By Steven G. MehtaSteve Mehta

 

Medicare, Medicaid, and MediCal liens are big news in the legal world because of the enactment of the new law in effect July 1, 2009 regarding defendants notifying Medicare regarding the lien.  A new California case ruled on issues that relate to medical liens.  (See for prior discussion, Six Things That You Must Know (But Are Afraid to Know) About Medicare Reimbursement Rights: The Medicare Super Lien; Litigation Solutions To Medicare Reimbursement Rights — How to Avoid Liability to CMS)

In Lima v. Vous, 2009 WL 1464263, which was decided on May 27, 2009, the Court addressed the issue of extinguishing a government lien.

In Lima, as part of a proposed medical malpractice settlement that did not allocate the proceeds to categories of damages, plaintiff and appellant Guadalupe Lima (plaintiff) made a motion to extinguish a portion of a Medicaid lien asserted by the Department of Health Services (DHS). The trial court made findings, including the reasonableness of the amount of plaintiff’s total damages claimed and of the settlement, as well as the amount of plaintiff’s past medical expenses.The trial court denied plaintiff’s motion to extinguish the DHS lien, without determining the portion of the settlement proceeds allocable to plaintiff’s past medical expenses. In doing so, the trial court failed to follow the federal requirements as enunciated in Arkansas Department of Health and Human Services v. Ahlborn (2006) 547 U.S. 268 ( Ahlborn ).

The court addressed the following issues:

Under established case law, the order denying plaintiff’s motion to extinguish is appealable as a final collateral order directing the payment of money.

  • “States are not required to participate in Medicaid, but all of them do. States have to make reasonable efforts to collect on the amounts paid.   The states have a law to assist in this process giving them a lien.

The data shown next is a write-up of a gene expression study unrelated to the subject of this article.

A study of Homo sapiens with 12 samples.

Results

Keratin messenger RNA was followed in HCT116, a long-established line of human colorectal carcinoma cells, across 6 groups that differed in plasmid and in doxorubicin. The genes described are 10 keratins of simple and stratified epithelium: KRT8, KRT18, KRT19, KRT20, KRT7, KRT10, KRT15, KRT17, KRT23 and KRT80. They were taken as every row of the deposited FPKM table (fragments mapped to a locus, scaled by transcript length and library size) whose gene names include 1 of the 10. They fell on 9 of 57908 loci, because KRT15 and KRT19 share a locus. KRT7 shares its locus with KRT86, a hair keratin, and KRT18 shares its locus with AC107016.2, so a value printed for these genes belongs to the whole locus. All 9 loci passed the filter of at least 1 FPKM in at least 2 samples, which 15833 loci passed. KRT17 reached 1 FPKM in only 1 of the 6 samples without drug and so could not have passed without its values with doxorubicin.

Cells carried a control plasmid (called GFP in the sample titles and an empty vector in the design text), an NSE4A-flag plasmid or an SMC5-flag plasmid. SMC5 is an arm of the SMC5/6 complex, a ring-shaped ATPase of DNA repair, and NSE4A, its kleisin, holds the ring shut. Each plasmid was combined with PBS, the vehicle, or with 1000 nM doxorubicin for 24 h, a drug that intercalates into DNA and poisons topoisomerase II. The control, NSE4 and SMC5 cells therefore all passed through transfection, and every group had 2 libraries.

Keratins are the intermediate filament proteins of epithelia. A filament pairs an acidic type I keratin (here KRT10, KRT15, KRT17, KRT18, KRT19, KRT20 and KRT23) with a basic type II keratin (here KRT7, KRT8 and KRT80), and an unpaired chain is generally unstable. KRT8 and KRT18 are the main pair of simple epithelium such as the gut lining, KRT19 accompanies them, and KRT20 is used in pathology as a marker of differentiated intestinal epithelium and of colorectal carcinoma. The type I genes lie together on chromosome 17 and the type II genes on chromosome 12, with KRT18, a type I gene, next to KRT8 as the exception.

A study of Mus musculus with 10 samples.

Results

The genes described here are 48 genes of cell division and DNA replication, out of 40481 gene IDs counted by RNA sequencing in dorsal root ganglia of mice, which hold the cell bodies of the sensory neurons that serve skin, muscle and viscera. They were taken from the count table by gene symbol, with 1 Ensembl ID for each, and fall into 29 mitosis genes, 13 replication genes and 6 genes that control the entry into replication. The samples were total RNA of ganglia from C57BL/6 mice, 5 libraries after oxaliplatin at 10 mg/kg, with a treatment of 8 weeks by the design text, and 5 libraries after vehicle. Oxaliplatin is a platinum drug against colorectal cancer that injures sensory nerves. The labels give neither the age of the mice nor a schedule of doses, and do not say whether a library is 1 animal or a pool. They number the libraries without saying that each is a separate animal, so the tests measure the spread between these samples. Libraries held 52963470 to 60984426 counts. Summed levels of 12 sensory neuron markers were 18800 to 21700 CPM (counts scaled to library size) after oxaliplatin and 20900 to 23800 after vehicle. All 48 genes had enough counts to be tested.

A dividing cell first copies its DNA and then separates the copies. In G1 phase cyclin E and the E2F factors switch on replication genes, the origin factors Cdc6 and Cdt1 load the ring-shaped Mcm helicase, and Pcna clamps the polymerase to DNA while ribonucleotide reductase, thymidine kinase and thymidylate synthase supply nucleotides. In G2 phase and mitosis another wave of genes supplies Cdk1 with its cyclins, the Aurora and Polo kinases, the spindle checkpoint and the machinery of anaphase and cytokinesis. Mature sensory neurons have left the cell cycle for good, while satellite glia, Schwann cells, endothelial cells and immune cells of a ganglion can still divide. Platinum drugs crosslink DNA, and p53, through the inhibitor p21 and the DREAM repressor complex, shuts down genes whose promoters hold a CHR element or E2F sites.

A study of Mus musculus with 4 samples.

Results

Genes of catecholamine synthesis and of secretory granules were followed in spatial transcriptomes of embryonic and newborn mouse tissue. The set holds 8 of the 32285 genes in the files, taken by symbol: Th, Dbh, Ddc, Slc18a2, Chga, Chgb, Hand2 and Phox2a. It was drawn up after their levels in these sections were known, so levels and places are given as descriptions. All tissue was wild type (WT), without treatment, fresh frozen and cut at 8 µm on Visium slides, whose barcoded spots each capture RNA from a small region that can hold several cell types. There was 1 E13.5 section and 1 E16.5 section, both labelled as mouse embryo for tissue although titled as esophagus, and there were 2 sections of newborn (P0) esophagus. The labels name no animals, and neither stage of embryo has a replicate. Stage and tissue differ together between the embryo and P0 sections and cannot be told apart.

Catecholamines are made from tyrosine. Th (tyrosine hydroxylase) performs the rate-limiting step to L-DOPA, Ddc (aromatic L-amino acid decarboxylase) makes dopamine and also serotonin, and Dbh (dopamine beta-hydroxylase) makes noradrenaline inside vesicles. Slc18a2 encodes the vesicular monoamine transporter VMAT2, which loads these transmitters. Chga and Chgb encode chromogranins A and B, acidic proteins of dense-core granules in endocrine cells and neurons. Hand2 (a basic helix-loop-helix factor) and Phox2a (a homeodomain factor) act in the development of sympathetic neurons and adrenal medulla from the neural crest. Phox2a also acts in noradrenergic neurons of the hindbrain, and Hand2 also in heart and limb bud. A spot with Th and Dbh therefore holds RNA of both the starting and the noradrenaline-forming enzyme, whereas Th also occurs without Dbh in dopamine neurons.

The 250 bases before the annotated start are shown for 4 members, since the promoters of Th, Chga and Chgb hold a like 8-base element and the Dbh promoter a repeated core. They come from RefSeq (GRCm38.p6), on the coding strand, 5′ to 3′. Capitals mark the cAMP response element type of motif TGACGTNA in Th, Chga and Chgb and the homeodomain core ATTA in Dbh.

• The court addressed the ruling by the Supreme Court in Ahlborn.  According to the court in Ahlborn, under the third-party lien provisions of the Medicare law “the State must be assigned ‘the rights of [the recipient] to payment by any other party for such health care items or services.’ § 1396a(a)(25)(H). The statute does not sanction an assignment of rights to payment for anything other than medical expenses-not lost wages, not pain and suffering, not an inheritance. The ‘amount recovered … under an assignment’ is not, as ADHS assumes, the entire settlement; as explained above, under the federal statute the State’s assigned rights extend only to recovery of payments for medical care. Accordingly, what § 1396k(b) requires is that the State be paid first out of any damages representing payments for medical care before the recipient can recover any of her own costs for medical care.
  • the California court in Bolanos, recognized, the formula used in Ahlborn is not the only formula that may be used in cases where there is no allocation of damages by verdict, judgment, or stipulation. “What matters is that past medical expenses are distinguished in the settlement from other damages on the basis of a rational approach; it may be that the parties can reach an agreement without recourse to the Ahlborn formula. In fact, subdivision (a) of [Welfare and Institution Code] section 14124.76 urges the parties to do so.
  • Here, unlike in Bolanos, the trial court made findings concerning the reasonableness of plaintiff’s “assessment” of her total damages and the reasonableness of the $950,000 settlement amount in light of those damages. Those findings were sufficient to allow the trial court to allocate an amount attributable to past medical expenses.
  • As to future expenses claimed by the DHS, The court rejected that because of the lack of factual support. The court refused to decide whether the issue of whether DHS could theoretically impose a valid lien on medical expenses it may be required to pay in the future.

The ruling has a definite impact on how Medicare liens could be addressed.  See Six Things That You Must Know (But Are Afraid to Know) About Medicare Reimbursement Rights: The Medicare Super Lien and Litigation Solutions To Medicare Reimbursement Rights — How to Avoid Liability to CMS

The ruling in Lima helps to give some guidance to lawyers in determining how a lien can be imposed.  For example, this could help cases involving claims of wrongful death because the court, in relying on Ahlborn, demonstrates that the lien should be only for medical expenses and not other claims such as wrongful death. 

Further, it behooves the lawyers to make sure that there is an allocation, and especially one by the court.  This could assist in the resolution of the claim.

Finally, this may help in the concern that the lien is not all encompassing on all aspects of the recovery.

If you would like to get a copy of this case, feel free to contact Steve Mehta and he will email it to you.